Three members of the West Virginia University School of Music faculty and an alumnus have taken home awards at the American Musicological Society-Society for Ethnomusicology-Society of Music Theory's joint annual meeting.
H. Robert Cohen/RIPM Award
“Sacred Sounds, Secular Spaces: Transforming Catholicism Through the Music of Third-Republic Paris” by Jennifer Walker, assistant professor of musicology, received the H. Robert Cohen/RIPM Award.
The H. Robert Cohen Award honors each year a publication related to the goals of Retrospective Index to Music Periodicals, a long-standing enterprise internationally recognized as one of the primary tools for research in music and musicology.
While she was a Ph.D. candidate at the University of North Carolina at Chapel Hill, Walker took two seminar courses with Annegret Fauser, which led her to make a career studying French music in the late nineteenth century.
“As I began research on the project, I realized that the historiographical narratives that I was reading repeatedly in published texts did not always align neatly with what I was finding in the archives,” Walker said. “The story that the archives told was that otherwise ‘secular’ musicians, composers, and critics found an overwhelmingly underplayed value in utilizing French Catholicism as a mode of cultural expression.
“I wanted my doctoral research and, later, my book, to tell a new story that revealed the importance of Catholicism in the formation of an ideology of musical and cultural French identity, even as the nation moved toward the legal separation of church and state.”
American Musicological Society Teaching Award
The AMS Teaching Award honors an exceptional pedagogical resource for musicology by an AMS member or a citizen or permanent resident of Canada or the United States published during the previous two years.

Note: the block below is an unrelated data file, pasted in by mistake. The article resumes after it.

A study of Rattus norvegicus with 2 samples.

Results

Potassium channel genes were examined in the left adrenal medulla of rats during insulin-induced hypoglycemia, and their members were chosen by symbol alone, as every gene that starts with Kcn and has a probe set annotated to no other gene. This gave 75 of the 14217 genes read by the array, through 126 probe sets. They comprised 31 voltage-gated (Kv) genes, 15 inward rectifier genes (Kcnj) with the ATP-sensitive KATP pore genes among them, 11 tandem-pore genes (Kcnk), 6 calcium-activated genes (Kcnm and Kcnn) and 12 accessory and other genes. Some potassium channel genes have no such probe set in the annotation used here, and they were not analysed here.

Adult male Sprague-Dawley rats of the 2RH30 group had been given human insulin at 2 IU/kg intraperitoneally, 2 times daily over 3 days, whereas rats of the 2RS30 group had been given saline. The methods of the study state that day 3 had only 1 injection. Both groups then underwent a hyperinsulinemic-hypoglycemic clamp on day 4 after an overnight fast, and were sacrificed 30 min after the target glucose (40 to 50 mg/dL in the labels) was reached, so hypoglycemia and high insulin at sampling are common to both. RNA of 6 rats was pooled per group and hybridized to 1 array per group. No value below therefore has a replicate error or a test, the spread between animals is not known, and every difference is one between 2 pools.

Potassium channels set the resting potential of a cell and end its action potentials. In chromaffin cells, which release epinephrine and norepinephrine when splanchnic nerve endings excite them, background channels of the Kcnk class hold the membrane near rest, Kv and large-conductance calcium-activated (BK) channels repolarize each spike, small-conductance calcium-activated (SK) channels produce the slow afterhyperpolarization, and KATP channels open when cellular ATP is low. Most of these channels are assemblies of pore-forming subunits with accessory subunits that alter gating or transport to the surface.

Travis Stimeling, professor of musicology, and School of Music Alumnus Kayla Tokar received the Teaching Award for their essay on anti-racist pedagogy in the music history classroom.
“Kayla and I began collaborating through the university’s Research Apprenticeship Program and continued our work through the support of the university’s Summer Undergraduate Research Experience program,” Stimeling said. “Our work was initially focused on the policy debates surrounding the South Carolina Negro Act of 1740, which, among other things, prohibited enslaved Blacks from playing drums. The policy was implemented following the Stono Rebellion of 1739, which found enslaved people revolting against the very people who had control over the legislature.”
This aspect of the law’s history has seldom been taught in music history classrooms. Rather, most textbooks simply acknowledge the enslaved people were prohibited from drumming.
“Through this work, we began to consider what might happen if we reframed this story around notions of Black resistance and white backlash,” Stimeling said. “We then extended these questions to much of the undergraduate music history sequence. In our article, we outline an approach to teaching the history of music in Europe, West Africa and the Americas through the dual lenses of white supremacy and Black resistance.”
The article has received overwhelming praise and according to Stimeling, colleagues from other institutions have begun assigning it to their graduate students and using it in their own work.
“To have done this work alongside a brilliant undergraduate researcher like Kayla is all the more special, because I’ve been given a chance to learn from her along the way,” Stimeling said.
Society of Music Theory prize for Outstanding Multi-Author Collection
Associate Professor of Composition and Theory Matthew Heap contributed a chapter in “The Routledge Companion to Music Theory Pedagogy” which was awarded the Society of Music Theory prize for Outstanding Multi-Author Collection.
“I ended up being a contributor to this book when I saw a call for lesson plans for it,” Heap said. “I proposed an article on our just-completed Written Theory overhaul at WVU and it was accepted as one of the articles on curriculum design.”
The Society of Music Theory wrote, “this nominee for the Outstanding Multi-Author Collection stood out not only for its scope and depth of content, but for its diversity, and potential impact across the discipline. This book, which includes contributions by an astounding sixty-eight authors, focuses on practical tools and lessons for music theory pedagogy.”
Heap explains that the chapter details how he rethought the way that WVU organized Written Theory from both a content standpoint and a delivery standpoint to make it more engaging and accessible to students.
“I'm very honored that this very important book that I was excited to be a part of was recognized,” Heap said. “According to the editor, it is the first pedagogy-oriented scholarship to be awarded a Society of Music Theory scholarship award, which speaks to the quality of the work and of my fellow authors.”